Ryan Williams: Why Sweetness Jr. Will Become a Heisman Candidate in 2010

Kevin C. Cox/Getty Images

While Virginia Tech is considered a smaller school compared to the likes of powerhouse facilities similar to University of Florida or University of South Carolina, there is a single player that receives a massive amount of exposure equal to his own school—and deserves more.

Ryan Williams, sophomore tailback born in Manassas, Virginia, made his own scene rather than bursting onto it just a year ago.

Seemingly single handedly, the young Williams carried his home state to a victory over Tennessee in the Chick-Fil-A Bowl as a mere freshman.

On top of that, the 5'10", 206 pound machine scored a record 22 regular season touchdowns in addition to 1,655 yards rushing.

While overall yards on the ground are indeed a healthy way to measure a running back's success, another feat beyond the records and hellacious numbers demands respect: his single game performances.

College football is nothing compared to the NFL, although dominance is simply underrated for the Stonewall Jackson graduate.

In five out of the 12 regular seasons game played in 2009, Williams found a way to compile 150 yards or more.

Moreover, Williams had over nine games of 100 yards or more rushing and, incredibly, had eight games with at least five yards-per-carry on his way to padding his statistics with a 5.6 yards-per-rush feat.

Numbers do not lie, and the former SuperPrep All-American has plenty to choose from.

However, Williams has more than just stats to help his cause.

As a fellow Walter Payton enthusiast, I understand the belief behind Ryan Williams' love for arguably the greatest NFL player of all-time.

Williams admires Payton because the two running backs share the same passion to run full strength, all out, all day. "Never run out of bounds" is a mental quote Walter Payton lived by, and Williams has followed that sentence precisely every weekend.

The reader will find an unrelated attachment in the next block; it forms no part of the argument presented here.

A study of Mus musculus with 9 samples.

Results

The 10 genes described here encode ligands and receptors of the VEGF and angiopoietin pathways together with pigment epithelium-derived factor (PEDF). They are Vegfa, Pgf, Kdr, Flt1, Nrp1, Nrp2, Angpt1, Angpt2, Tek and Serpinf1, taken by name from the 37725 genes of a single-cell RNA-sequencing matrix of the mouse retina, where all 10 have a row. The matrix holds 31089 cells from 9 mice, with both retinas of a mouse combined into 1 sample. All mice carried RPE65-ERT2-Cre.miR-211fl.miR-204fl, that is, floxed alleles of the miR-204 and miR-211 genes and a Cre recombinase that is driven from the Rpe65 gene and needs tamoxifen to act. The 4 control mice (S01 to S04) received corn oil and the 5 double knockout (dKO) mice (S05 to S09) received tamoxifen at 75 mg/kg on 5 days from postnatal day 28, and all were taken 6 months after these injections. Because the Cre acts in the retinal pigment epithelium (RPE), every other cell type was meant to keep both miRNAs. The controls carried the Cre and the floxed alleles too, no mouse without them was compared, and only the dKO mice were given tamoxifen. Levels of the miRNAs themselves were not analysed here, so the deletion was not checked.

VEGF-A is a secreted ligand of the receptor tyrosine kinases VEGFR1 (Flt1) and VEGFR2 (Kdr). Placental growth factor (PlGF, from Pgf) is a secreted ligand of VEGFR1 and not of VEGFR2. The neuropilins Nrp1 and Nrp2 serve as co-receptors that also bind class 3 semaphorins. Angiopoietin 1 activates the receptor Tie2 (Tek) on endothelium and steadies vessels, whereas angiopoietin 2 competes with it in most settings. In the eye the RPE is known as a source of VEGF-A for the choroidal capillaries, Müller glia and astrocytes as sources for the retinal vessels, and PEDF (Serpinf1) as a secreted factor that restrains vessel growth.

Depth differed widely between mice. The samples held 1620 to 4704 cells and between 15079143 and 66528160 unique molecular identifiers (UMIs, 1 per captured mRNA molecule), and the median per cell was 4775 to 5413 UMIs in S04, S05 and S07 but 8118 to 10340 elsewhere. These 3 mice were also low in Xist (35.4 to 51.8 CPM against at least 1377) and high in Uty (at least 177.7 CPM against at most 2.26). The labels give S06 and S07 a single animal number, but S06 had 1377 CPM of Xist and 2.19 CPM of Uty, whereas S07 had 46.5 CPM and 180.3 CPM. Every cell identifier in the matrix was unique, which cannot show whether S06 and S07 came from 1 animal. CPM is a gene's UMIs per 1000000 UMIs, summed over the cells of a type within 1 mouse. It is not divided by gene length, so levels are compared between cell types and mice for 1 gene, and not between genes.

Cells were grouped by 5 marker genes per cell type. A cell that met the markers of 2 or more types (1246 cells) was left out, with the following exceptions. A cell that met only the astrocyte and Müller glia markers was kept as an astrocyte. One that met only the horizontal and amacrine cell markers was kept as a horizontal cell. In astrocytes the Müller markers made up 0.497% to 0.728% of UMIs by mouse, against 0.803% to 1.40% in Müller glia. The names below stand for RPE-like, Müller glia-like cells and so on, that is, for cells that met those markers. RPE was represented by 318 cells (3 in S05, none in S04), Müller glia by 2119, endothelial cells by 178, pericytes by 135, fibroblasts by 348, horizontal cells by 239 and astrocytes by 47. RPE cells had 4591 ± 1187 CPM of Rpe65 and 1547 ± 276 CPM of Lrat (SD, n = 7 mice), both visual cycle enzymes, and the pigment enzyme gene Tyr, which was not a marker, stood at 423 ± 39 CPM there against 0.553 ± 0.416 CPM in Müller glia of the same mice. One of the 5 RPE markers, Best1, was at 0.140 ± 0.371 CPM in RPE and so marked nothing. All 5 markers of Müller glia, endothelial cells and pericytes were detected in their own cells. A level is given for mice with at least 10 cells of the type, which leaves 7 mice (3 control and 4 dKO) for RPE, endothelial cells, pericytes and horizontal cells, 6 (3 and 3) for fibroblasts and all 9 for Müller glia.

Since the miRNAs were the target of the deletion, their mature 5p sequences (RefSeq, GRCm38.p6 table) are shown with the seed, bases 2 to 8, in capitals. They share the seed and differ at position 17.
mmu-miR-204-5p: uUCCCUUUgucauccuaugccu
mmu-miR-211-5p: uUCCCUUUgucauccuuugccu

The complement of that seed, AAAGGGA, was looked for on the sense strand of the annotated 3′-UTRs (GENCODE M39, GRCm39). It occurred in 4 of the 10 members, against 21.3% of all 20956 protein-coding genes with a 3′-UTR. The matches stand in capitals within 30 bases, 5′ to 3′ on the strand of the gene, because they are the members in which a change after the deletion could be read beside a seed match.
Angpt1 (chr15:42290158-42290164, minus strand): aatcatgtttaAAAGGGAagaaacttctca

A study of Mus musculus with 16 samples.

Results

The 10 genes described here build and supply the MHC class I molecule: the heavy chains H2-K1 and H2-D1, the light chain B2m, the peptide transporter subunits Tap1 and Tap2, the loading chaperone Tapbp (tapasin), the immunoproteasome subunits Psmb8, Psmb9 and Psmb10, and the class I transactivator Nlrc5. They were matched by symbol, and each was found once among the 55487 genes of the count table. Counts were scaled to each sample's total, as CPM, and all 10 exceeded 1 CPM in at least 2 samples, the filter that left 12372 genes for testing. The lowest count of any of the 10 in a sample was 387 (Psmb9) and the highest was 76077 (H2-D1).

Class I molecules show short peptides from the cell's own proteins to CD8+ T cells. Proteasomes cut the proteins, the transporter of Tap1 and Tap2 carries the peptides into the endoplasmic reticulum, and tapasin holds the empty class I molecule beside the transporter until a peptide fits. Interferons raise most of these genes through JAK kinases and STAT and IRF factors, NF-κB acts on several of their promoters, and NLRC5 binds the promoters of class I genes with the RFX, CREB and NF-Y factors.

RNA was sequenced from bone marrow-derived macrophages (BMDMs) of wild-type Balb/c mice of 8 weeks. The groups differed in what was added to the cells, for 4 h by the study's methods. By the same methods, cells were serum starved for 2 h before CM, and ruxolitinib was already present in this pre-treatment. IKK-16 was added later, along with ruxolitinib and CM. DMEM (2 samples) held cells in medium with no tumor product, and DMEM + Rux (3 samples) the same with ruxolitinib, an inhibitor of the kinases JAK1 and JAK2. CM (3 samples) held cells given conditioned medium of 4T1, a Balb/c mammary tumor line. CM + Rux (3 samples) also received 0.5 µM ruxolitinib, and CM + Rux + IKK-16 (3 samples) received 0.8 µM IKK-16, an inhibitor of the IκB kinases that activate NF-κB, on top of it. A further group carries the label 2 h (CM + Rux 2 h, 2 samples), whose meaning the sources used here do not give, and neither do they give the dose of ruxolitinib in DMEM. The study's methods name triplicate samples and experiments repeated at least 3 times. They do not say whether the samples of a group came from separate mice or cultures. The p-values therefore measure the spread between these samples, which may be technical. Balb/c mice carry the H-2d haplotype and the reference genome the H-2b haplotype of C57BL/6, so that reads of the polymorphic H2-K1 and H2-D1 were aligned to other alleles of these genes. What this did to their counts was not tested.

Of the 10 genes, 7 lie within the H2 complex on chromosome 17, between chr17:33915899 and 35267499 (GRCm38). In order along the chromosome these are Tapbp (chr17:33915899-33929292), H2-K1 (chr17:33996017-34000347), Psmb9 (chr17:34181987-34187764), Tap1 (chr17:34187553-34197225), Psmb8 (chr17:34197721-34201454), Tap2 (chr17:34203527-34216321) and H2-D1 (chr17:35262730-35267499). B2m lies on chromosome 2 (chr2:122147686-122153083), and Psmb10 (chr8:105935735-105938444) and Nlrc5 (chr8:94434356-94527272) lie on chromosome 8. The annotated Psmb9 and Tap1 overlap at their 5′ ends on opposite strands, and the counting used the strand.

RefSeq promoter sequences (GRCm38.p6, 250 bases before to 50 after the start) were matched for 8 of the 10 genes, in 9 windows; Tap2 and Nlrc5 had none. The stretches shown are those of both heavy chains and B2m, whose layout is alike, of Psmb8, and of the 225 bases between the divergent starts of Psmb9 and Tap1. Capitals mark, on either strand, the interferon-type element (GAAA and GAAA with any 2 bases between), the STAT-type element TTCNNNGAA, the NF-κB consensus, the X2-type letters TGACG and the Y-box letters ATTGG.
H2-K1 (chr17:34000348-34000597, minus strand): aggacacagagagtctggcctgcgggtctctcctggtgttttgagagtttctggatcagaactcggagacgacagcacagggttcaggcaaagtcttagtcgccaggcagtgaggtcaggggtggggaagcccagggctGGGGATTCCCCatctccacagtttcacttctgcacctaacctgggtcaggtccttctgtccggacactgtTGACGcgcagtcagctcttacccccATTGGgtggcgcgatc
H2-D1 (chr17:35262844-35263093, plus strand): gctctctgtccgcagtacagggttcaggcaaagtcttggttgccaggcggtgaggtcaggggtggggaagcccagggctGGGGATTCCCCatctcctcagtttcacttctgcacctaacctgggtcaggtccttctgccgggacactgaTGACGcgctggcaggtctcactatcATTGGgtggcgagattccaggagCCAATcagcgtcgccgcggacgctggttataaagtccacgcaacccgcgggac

Many running backs are getting stronger, bigger, and faster following their collegiate career. With that being said, you can't teach heart or determination and dedication.

The tailback position is the most gruesome, mentally tough position out of every spot, debatably. Williams has displayed the courage, heart, and brilliance to become one of the best.

Traits and influences may not be any incentive to draft the Virginia Tech product-in-the-making after his stint as a Hokie, but what better idol and handful of personality details to choose from than Sweetness himself?

Understandably, quarterbacks receive the majority of the spotlight in every level of gridiron play. But if Ryan Williams keeps lighting up the scoreboard every game and develops into a better running back, what should hold him back from claiming the most wanted trophy in all of individual college achievements?

As a freshman, Williams became known as the workhorse of Virginia Tech's offense. Is that something Mark Ingram has placed under his belt?

The 20-year-old was only half of a yard away from matching 2009's Heisman trophy winner Mark Ingram's yards-per-rush. If that doesn't speak volumes for the potential behind a continued maturity, then there is no other way to persuade any football faithful.

In conclusion, the 2010 Virginia Tech Hokies are looking forward to an improved, more mature returning team in the approaching months. Tyrod Taylor has continued his crucial development, and a sophomore slump is irrelevant to Ryan Williams, who has everything needed in order to sustain his run at a Heisman trophy.